Pinky-out fundraising: When “rules” confuse you

You see it frequently: someone drinking daintily from a teacup, their little finger pointing straight out.

Why would anyone do that? Not because it’s comfortable or easy. And it certainly looks odd.

But it’s common, because many people believe it’s the “polite” way to hold your teacup.

Pinkyup

According to those care about such things, pinky-out is an impolite way to hold your teacup.

Why is an awkward, odd-looking, and against-the-rules way of holding teacups so common?

I have a theory: People have heard there’s some kind of rule governing what you do with your little finger; they expect etiquette to be arbitrary and strange — so they do the weirdest possible thing. They think they’re being super correct.

In grammar, this is called hypercorrection. Misapplying some kind of perceived rule. Like the way many people say between you and I.

The same thing sometimes happens in fundraising: Someone has heard there’s a rule, but they don’t really know what the rule is, or why, or whether it’s really something they need to follow. So they go with something they think might be right … something that’s often the worst choice.

Example: Everyone knows that photos are powerful forms of storytelling. Using a photo can really increase engagement with your message. This is true. But many fundraisers take it as an ironclad rule and slap photos all over their messages. No matter how irrelevant or self-contradictory the photos are.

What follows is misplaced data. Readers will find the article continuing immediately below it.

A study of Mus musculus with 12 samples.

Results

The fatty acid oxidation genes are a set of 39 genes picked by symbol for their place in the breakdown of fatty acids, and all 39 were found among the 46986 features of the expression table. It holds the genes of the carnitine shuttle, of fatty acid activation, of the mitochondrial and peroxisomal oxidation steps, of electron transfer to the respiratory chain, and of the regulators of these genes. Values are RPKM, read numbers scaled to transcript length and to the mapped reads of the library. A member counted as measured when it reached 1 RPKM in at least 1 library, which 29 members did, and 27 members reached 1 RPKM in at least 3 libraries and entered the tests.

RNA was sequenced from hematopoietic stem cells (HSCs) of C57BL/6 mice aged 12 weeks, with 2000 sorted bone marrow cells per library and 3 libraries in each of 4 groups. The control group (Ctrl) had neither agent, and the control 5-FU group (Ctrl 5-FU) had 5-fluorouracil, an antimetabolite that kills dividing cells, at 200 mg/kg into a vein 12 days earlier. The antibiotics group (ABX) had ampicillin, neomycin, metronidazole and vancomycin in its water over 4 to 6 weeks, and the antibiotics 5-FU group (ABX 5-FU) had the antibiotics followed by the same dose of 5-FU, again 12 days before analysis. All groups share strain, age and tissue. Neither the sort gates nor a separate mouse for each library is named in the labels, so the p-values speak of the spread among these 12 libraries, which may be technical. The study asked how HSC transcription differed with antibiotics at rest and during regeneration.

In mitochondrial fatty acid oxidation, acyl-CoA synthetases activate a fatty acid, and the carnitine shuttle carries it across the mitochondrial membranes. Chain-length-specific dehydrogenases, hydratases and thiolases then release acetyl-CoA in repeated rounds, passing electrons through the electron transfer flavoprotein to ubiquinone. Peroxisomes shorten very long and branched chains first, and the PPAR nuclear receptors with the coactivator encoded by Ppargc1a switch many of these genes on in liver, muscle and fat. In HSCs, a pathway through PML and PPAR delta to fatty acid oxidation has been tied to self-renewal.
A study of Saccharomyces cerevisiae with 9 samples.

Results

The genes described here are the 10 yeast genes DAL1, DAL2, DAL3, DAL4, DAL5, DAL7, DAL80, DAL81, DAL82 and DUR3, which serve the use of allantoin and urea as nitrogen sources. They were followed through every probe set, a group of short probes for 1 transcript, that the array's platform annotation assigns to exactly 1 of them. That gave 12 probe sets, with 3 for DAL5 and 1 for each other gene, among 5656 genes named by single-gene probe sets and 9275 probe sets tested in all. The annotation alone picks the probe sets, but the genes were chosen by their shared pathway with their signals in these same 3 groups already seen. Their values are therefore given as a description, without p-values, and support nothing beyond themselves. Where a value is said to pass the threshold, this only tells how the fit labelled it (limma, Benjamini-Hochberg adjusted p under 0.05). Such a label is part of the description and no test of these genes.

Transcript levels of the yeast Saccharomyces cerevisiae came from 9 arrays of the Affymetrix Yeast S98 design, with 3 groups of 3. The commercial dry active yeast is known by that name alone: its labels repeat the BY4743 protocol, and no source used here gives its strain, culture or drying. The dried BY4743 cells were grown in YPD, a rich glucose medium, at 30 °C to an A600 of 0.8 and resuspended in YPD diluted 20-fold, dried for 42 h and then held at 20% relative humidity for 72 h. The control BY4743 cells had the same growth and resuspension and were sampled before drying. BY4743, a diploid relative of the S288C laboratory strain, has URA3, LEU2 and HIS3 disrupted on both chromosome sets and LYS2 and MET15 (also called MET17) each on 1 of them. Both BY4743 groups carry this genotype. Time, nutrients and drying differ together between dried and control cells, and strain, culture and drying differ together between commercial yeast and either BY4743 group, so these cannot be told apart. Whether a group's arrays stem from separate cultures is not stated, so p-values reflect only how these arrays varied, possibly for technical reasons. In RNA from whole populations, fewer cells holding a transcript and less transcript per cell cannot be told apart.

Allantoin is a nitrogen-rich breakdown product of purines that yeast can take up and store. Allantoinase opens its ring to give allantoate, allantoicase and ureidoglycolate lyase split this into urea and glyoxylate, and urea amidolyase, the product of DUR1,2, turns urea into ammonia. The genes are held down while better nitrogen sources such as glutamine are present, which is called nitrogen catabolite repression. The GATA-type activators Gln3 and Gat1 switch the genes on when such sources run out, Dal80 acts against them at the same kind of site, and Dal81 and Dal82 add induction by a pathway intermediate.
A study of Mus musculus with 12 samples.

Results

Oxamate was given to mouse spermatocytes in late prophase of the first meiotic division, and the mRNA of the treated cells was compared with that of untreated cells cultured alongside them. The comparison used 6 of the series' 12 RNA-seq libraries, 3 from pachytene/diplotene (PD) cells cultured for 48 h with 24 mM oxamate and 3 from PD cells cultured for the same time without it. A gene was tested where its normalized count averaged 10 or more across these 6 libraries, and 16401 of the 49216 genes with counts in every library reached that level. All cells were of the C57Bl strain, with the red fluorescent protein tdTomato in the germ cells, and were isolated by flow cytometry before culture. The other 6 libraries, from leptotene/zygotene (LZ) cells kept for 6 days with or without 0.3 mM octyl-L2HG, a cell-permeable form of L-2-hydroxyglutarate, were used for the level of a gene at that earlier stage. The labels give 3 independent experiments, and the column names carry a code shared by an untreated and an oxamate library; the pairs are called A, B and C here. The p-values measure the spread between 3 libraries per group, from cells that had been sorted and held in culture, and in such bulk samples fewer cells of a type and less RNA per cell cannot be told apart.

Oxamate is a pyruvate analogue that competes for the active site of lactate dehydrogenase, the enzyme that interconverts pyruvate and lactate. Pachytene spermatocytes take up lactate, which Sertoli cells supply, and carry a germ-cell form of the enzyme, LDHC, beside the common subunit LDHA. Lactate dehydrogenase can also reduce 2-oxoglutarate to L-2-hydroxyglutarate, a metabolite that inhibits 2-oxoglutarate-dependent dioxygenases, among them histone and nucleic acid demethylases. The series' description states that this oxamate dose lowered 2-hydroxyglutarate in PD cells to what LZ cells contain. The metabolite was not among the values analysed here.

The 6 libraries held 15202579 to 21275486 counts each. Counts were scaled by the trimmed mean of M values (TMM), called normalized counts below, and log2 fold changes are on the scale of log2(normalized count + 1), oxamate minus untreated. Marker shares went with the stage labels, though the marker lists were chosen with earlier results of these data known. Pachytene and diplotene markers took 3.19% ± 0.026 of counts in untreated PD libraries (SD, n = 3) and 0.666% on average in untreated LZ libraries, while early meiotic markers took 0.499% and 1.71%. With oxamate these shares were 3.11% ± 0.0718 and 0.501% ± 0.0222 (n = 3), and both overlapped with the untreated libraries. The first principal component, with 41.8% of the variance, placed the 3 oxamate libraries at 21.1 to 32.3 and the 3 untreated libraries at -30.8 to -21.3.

Pinky way out. It’s ineffective fundraising.

It’s what fundraisers do to themselves when they want to be effective, but they aren’t in touch with what really works.

It’s easy to avoid. Read a few books. Follow a blog or two. Ask around. Get an experienced mentor. You’ll zero in on a usable level of trustworthy knowledge that can improve your fundraising results.

You’ll be drinking tea with your pinky comfortably curved inward.







Jeff Brooks has been serving the nonprofit community for more than 30 years and blogging about it since 2005. He considers fundraising the most noble of pursuits and hopes you’ll join him in that opinion. You can reach him at jeff [at] jeff-brooks [dot] com.